Big Bayou Canot Collapse | September 22, 1993
On September 22, 1993, an Amtrak train was traveling across the Big Bayou Canot Bridge in Mobile, Alabama. The train derailed which resulted in the death of 47 people and 103 people being injured. The derailing of the train was caused by a deformation in the rails from a barge towing a heavy load that had collided into the bridge only eight minutes earlier. In Amtrak’s history, this is the worst train disaster in the United States since the New Jersey rail accident in 1958, killing 48 people.
A barge that was being pushed by a towboat named Mauvilla had made a wrong turn into the un-navigable channel of the Mobile River. Willie Odom, the towboat pilot, hadn’t been trained on how to read the radar and lacked experience. The towboat also did not have a compass or chart to navigate the waterway. Odom had believed that the bridge on the radar was another towboat. At 2:45 am, the Mauvilla struck the Big Bayou Canot bridge, originally designed to rotate and was being converted into a swing bridge by adding other equipment. The conversion hadn’t been completed and the section of the bridge had never been secured from a movement that was unintended. When the towboat struck the bridge, the track became severely kinked and the unsecured section was knocked out of alignment by about three feet.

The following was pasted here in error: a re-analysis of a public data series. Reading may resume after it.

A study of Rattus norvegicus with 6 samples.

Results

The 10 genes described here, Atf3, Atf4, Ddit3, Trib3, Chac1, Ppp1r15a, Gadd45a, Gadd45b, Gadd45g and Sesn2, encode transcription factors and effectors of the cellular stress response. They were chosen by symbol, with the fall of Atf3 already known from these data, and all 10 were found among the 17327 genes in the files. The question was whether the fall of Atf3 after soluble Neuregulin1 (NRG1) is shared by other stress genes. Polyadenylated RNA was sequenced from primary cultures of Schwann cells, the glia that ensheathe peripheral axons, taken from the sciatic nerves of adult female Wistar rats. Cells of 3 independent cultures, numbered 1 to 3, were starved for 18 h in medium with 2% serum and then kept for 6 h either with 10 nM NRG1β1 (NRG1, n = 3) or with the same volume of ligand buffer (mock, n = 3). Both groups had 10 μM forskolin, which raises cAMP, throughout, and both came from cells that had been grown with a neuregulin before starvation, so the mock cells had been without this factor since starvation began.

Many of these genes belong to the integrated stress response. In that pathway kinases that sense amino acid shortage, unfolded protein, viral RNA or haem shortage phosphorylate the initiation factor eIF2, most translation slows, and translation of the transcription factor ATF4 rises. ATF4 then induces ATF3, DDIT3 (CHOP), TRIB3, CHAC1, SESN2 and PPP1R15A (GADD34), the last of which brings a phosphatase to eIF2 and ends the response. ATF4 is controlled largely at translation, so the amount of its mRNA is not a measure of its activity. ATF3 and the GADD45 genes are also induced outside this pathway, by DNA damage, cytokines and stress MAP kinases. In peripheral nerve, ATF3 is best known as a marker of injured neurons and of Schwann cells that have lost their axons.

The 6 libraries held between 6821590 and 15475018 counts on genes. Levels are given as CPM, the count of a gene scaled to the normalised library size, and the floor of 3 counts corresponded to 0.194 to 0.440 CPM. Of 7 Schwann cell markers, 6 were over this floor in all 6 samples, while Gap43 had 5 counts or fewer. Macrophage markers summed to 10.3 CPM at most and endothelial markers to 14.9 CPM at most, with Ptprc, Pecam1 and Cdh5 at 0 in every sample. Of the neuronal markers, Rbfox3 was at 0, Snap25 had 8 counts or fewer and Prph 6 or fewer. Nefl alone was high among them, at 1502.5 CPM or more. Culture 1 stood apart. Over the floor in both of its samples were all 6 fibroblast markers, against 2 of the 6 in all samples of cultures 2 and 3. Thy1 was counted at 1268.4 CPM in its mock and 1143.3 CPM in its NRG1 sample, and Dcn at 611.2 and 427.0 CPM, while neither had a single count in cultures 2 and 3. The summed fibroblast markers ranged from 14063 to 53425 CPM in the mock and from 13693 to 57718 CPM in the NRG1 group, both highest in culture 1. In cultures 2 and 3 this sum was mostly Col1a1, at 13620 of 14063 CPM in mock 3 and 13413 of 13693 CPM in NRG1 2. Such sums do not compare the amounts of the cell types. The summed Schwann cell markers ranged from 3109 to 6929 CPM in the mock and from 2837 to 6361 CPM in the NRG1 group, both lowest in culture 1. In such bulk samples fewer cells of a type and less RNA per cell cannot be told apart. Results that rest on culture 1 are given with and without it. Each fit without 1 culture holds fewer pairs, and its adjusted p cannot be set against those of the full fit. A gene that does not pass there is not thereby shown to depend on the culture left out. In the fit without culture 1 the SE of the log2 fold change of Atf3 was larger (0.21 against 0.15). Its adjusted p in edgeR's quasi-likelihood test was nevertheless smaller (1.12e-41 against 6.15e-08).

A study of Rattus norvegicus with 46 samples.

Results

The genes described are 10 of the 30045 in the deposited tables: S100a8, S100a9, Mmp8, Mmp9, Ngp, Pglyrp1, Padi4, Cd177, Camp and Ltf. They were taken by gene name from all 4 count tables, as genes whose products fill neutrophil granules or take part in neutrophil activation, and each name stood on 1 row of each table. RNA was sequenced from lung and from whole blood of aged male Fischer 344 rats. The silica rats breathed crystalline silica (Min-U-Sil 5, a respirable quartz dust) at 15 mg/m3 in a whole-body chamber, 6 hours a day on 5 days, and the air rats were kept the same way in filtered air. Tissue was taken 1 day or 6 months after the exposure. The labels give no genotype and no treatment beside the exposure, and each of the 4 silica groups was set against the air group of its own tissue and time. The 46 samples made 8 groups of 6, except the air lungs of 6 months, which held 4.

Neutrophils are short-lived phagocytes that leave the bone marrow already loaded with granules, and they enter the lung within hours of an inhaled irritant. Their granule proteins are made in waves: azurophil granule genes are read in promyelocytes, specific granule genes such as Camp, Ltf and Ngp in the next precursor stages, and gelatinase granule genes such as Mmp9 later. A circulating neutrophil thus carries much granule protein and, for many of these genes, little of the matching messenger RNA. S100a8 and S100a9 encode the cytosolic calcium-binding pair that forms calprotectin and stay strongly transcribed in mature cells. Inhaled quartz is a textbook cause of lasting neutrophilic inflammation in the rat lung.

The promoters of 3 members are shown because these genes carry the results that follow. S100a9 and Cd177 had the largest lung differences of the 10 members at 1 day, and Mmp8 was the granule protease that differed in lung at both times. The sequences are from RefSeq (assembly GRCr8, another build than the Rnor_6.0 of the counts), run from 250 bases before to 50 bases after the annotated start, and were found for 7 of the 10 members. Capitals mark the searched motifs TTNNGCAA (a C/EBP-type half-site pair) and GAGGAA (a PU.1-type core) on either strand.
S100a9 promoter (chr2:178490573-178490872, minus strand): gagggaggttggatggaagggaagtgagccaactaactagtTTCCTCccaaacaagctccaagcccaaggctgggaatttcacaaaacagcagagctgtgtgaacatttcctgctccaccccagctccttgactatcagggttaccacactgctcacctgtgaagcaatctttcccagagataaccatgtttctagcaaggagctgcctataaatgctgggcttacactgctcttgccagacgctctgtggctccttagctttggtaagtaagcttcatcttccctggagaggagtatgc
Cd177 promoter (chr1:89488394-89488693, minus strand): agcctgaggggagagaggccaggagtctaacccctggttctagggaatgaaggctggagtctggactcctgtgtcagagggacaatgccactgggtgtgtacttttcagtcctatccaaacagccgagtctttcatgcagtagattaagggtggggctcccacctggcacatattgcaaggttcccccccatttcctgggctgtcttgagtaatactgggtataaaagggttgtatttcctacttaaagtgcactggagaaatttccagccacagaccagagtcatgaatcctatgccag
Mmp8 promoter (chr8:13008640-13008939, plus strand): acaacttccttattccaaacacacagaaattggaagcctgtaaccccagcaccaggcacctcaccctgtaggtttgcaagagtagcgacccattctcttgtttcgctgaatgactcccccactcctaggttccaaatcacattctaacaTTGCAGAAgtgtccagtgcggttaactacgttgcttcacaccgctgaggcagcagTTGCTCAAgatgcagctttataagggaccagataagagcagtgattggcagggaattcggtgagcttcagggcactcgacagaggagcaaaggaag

At 2:53 am, Amtrak’s train the Sunset Limited with 220 people on board began crossing the bridge at 70 mph and derailed at the kink. One of the three locomotives of the train slammed into the displaced section of the bridge and caused that part of the bridge to sink into the water along with the other two locomotives. The fuel tanks exploded on impact spilling fuel and starting a massive fire. Most were killed by drowning and others by fire or smoke inhalation.
An investigation into the crash found that Odom was not criminally liable for the accident. He had also helped save seventeen people with the towboat that was pushing the barge that hit the bridge. Although the bridge was displaced after the accident with Mauvilla, the track circuit that controls the signals remained intact and display a green light for the Amtrak engineer. If the rails had been severed, the light would have turned red and may have provided enough time for the train to stop or reduce speed to minimize the severity of the accident.
It was also found through a documentary series by National Geographic that the train had been delayed by thirty minutes because of an air conditioner unit and toilet repair. If not for the repairs, they would have crossed the bridge before the collision of the Mauvilla.